INDUSTRY PLAYS NEW NUMBERS GAMES

A majority of consumer packaged goods manufacturers are considering alterations in their vendor allowance programs in the wake of changes in accounting rules, but those reconsiderations do not appear to have resulted yet in major changes in practice.Interviews by SN with manufacturers, retailers and industry observers uncovered little evidence that a series of accounting rule changes, which went into

A majority of consumer packaged goods manufacturers are considering alterations in their vendor allowance programs in the wake of changes in accounting rules, but those reconsiderations do not appear to have resulted yet in major changes in practice.

Interviews by SN with manufacturers, retailers and industry observers uncovered little evidence that a series of accounting rule changes, which went into effect in December and now require manufacturers to record vendor allowances as deductions from revenue rather than as selling expenses, have changed either the amount of money paid or the way it is made available to retailers.

Which is not to say that a change is not coming.

A survey of nearly 450 manufacturers and retailers by Cannondale Associates, a Wilton, Conn.-based retail consultancy, found 62% of retailers expect the accounting rule changes to result in a "total review of trade promotion/strategy."

Among manufacturer respondents, 61% said they expect their companies to make a "closer evaluation of promotion expenditures."

Nearly half of the retailers (46%) said they expect to see a reduction of promotion expenses, although only slightly more than a quarter (26%) of the manufacturers said they expect to see spending decrease.

The Cannondale report noted, "Clearly, at the time of this survey in early 2002, these issues were just beginning to surface. We anticipate the magnitude of these issues will only intensify as the ramifications are felt throughout the industry."

Ron Lunde, a Chicago-based retail consultant, attributed the inaction on the part of manufacturers largely to ignorance.

"Although the accountants are aware of the changes," he said, "it does not appear that CPG marketing and salespersons, or those responsible for retail marketing or merchandising decisions, have been well-informed of these issues.

"For the last 30 years or so, the 'how' of marketing has been honed. The new rules will undoubtedly make everyone involved in market expenditures -- whether advertising, consumer or trade promotion -- also revisit the 'why' of marketing.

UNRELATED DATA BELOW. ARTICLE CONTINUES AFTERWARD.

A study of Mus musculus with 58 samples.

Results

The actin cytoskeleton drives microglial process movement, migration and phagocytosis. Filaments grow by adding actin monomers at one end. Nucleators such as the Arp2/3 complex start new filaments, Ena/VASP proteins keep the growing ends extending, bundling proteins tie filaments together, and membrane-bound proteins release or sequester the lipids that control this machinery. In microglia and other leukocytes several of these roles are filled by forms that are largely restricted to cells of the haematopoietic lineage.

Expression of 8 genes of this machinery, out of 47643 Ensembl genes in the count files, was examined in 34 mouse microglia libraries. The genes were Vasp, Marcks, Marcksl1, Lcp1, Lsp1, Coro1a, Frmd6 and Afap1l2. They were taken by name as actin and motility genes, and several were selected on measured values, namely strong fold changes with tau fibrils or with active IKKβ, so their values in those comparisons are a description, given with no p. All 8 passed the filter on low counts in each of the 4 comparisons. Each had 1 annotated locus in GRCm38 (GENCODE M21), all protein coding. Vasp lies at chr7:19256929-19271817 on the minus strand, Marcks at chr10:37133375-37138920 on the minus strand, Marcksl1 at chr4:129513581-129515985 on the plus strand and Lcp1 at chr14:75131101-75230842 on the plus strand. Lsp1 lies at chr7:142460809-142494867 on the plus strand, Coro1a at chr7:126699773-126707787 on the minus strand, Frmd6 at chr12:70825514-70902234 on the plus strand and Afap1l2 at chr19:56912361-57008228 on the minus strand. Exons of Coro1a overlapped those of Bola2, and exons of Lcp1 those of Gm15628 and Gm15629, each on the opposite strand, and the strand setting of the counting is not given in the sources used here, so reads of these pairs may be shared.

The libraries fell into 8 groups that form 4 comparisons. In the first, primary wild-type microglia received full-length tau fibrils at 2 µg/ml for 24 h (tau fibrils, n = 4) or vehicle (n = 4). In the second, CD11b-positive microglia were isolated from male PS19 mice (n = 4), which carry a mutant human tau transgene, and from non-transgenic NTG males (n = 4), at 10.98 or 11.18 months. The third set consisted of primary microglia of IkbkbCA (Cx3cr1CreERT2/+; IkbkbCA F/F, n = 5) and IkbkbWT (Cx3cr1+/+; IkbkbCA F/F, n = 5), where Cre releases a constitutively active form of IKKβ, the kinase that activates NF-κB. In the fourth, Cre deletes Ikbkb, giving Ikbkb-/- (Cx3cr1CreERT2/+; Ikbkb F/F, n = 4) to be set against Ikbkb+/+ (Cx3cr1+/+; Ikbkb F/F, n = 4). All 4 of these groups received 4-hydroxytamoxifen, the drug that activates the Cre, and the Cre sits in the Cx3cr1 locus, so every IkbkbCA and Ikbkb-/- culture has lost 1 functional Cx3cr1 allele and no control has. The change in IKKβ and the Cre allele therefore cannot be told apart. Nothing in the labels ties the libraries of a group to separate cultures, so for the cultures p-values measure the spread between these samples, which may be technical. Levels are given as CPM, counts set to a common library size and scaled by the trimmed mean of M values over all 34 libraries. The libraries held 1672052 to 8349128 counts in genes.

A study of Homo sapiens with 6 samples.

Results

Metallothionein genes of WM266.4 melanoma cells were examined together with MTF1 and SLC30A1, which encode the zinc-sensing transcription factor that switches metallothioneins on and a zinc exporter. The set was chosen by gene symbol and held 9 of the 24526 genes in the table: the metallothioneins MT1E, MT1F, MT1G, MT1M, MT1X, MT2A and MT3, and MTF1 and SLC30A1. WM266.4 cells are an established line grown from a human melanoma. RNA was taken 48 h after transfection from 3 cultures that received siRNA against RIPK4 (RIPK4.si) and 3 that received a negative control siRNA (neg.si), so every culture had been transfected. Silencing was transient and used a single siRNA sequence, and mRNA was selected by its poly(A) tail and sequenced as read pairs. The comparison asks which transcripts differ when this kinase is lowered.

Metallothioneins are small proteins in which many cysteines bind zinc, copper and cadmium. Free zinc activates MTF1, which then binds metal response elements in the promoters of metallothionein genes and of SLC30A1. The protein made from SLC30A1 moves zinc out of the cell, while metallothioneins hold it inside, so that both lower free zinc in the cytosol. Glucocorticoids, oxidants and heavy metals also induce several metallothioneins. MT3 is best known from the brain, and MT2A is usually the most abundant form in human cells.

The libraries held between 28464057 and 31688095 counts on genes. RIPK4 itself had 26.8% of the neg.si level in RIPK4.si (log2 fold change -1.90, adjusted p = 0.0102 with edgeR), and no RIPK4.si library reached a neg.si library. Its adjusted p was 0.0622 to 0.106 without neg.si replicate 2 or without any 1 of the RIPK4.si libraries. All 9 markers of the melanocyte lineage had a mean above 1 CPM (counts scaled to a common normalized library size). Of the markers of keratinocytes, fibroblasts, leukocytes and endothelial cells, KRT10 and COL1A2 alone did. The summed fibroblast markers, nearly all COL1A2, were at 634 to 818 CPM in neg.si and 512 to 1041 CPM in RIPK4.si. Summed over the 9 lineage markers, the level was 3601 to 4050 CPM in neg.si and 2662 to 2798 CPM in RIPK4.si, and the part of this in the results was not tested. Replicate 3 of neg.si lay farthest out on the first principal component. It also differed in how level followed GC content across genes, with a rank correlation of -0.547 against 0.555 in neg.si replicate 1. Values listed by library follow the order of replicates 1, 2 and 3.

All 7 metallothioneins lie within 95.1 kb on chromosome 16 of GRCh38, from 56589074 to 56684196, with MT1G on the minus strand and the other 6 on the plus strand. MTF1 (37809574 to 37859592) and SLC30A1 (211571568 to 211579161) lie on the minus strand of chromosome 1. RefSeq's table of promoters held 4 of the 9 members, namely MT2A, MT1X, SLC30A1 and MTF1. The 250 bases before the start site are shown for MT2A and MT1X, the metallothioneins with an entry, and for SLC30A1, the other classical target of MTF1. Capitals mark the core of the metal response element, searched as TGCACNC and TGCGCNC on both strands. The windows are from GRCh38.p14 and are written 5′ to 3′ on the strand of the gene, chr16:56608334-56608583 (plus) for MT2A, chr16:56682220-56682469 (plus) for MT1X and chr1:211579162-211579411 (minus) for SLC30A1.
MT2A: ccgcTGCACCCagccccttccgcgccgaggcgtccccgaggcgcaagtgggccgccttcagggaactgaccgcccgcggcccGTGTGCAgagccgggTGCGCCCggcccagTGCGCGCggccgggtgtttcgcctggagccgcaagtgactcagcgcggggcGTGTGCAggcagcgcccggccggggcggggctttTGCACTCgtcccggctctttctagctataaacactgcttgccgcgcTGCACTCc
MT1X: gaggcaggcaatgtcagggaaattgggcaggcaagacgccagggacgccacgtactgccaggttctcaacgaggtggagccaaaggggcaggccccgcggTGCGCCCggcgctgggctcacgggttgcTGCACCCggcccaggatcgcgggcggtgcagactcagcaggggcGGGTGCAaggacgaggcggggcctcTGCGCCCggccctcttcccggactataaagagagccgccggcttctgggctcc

"Both CPGs and retailers will have to seek new bearings."

However, some CPG manufacturers appear to have prepared for the new rules. A spokesman for Procter & Gamble, Cincinnati, told SN, "We've been aligned to the rule for some time. It will have no impact on our trade promotion plans.

"We work individually with customers to create and develop promotions that create value and a return for both of us. We monitor return-on-promotion dollars at the customer level.

"The rule change has no bearing at all for our advertising-trade promotion split."

The Cannondale survey noted that Procter & Gamble was unusual among manufacturers for having adjusted its accounting practices in advance of the rule change going into effect.

Perhaps more typical was a spokesman for a regional retailer who declined to comment for this story.

"If I tell you our vendor allowances haven't changed or have gone up, then our competitors are going to complain to the manufacturers about their payments decreasing," he explained.

The new accounting rules were issued by the Emerging Issues Task Force of the Financial Accounting Standards Board, a non-government body that formulates accounting rules for the Securities and Exchange Commission.

According to Lunde, the rules apply to vendors and their customers, including resellers and businesses that purchase products from resellers.

Among the trade practices covered, Lunde said, are discounts, coupons, rebates, slotting fees, cooperative advertising, barter, credits and volume discounts.